Barriers to using Second Life
The barriers to Second Life are all things we have heard before but are very real concerns for students.
- Perception that Second Life is an unsafe place to be.
- Fears that it is time-consuming and can be addictive - haven't got enough time for their 'real' studies, let alone playing around with Second Life.
- Second Life uses up a lot of band width in rural locations.
- Don't understand what to do or how to do it.
- Don't understand relevance of Second Life to midwifery studies.
One of my main impressions is that the students still do not realise what the project is about. This is either because they have not read the information and instructions properly, or we haven't explained it very well. There have been lots of questions about what they are supposed to do in the birth unit, both in terms of how to interact with it and what they are supposed to be 'learning'. Several students have admitted they do not even know how to get to the birth unit, and many of them have not read the information about the learning activities.
When I have showed students around it has been obvious that they have not worked out how to click on the objects in the birth unit such as the birthing pool, heating system, birthing ball etc. The result of this is that they have not full appreciated what we are trying to tell them about the 'hows', 'whys' and 'wherefores' of the design of the unit. Consequently, they have been left with the impression that their 'learning experience' is incomplete and have been slightly bored with looking around an "empty" and "static" place.
How to engage the students
My other impression is that the students are enthusiastic to learn more and once they have a better understanding of what we are aiming to achieve, they see the benefit for their learning. However, they have needed me to explain everything in a 'real time' context (using Elluminate and Second Life) - they haven't 'got it' by just reading the orientation material we have given them.
The students have also required a lot more 'tutoring' in Second Life in terms of how to do very simple things like retrieving information from objects and notecards. Spending the extra time in SL with them and demonstrating these basic tasks has been very beneficial. Several of these very constructive sessions has been with small numbers of students and in spontaneous meetings which has required me to be very flexible in my time management.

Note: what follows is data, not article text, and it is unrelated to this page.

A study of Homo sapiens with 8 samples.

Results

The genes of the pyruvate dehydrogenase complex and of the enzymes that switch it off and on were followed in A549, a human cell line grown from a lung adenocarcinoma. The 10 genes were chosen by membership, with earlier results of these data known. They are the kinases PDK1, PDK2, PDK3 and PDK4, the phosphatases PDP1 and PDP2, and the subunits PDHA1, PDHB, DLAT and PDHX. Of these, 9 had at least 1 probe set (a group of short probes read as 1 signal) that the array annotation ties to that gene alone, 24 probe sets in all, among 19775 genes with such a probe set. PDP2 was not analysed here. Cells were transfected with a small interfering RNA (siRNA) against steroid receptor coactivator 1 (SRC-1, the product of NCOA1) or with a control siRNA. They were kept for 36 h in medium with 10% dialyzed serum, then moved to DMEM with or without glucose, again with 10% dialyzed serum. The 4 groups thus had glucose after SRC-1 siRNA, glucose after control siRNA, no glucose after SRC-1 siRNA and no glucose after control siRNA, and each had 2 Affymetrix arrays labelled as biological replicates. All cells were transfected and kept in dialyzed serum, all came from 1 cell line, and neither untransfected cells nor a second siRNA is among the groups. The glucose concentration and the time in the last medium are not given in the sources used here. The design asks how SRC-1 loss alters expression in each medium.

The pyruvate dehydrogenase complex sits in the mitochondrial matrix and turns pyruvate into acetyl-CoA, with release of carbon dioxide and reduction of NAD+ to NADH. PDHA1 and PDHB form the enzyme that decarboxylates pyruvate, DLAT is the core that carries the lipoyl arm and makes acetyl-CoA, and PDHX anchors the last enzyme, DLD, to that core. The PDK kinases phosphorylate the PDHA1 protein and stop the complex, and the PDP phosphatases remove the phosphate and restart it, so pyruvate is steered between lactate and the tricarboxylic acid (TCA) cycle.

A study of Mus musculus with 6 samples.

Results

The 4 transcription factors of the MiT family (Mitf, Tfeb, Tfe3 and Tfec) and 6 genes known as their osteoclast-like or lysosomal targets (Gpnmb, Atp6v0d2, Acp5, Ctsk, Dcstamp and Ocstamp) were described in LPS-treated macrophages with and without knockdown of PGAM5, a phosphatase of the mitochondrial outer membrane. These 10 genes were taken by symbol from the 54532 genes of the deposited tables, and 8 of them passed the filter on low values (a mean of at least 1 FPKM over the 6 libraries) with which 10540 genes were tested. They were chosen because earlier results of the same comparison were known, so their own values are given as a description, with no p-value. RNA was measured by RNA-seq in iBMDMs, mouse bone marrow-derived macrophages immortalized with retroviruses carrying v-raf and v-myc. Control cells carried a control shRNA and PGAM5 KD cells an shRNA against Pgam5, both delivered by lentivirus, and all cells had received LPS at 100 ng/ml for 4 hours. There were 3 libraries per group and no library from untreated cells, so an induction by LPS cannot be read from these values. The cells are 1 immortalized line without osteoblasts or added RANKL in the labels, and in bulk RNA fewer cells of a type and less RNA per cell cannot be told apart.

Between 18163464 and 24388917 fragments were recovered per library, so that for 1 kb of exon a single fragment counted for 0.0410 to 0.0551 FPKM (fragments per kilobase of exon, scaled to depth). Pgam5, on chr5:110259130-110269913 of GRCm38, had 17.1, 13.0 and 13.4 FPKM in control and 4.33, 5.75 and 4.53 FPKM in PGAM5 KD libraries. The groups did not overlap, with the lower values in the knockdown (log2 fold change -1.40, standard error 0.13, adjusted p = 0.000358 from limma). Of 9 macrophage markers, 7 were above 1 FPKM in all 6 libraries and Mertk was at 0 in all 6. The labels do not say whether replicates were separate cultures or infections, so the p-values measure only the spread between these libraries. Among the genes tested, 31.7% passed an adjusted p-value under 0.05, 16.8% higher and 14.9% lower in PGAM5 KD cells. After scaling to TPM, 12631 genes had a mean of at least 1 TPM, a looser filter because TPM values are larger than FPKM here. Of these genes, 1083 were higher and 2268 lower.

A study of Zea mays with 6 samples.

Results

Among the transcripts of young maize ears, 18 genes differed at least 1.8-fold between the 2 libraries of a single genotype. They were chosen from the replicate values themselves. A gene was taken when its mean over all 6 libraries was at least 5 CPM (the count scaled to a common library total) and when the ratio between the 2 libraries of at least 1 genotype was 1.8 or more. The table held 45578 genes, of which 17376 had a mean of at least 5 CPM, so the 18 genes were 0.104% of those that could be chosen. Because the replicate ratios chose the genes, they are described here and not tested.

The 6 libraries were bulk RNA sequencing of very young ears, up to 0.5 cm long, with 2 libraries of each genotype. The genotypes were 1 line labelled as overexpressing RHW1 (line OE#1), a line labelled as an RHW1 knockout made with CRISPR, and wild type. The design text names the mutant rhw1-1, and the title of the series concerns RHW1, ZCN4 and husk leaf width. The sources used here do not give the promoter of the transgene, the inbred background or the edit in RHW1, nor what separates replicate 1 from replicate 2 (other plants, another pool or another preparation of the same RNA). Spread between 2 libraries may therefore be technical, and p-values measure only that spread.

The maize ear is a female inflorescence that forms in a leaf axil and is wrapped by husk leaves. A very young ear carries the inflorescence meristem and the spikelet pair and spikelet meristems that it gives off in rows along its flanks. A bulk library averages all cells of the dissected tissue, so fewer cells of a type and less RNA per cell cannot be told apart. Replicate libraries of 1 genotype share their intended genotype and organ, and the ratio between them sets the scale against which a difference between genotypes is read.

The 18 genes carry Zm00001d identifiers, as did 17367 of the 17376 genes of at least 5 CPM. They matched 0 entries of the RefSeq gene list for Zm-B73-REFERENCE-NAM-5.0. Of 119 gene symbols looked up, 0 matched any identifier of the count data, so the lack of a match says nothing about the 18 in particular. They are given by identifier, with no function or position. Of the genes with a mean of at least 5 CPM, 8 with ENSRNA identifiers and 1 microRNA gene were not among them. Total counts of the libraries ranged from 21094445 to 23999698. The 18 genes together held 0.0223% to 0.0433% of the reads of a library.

I know I have said this a number of times (and is old news for educators who regularly use Second Life), but I am realizing more and more that students need to have fun in Second Life and do things that may not have any particular relevance to the learning activities that are planned. It helps them develop their skills, build their confidence and immerse them more fully.
One of my favorite activities that I have started doing regularly is taking the students to the TLC Maternity Unit. There we play with the interactive animations and do silly things like the kids chicken dance and hand stands.
Some people would argue that this sort of fun activity is wasting students' valuable time, and we should be concentrating on the serious learning activities such as the normal birth scenario that we are currently developing. Nevertheless, the more confident and skilled students are when they come to the 'serious' activities, the more they will get out of them.
Reflecting of the implications of this feedback for learning design
The main lessons for me personally (and not necessarily that of the SLENZ project or the other team members) is that students need a lot more real time support than I anticipated. This shouldn't be news to me when I consider my own personal learning in SL.
I don't think that real time support needs to be in a face-to-face computer laboratory but it does require time spent with students in SL or other online places where students can be shown how things work and guided in their learning, as opposed to being left to get on with it.
I believe midwifery students are a lot more motivated to explore Second Life than I originally gave them credit for. It is up to us as educators to harness and direct this motivation into meaningful learning experiences.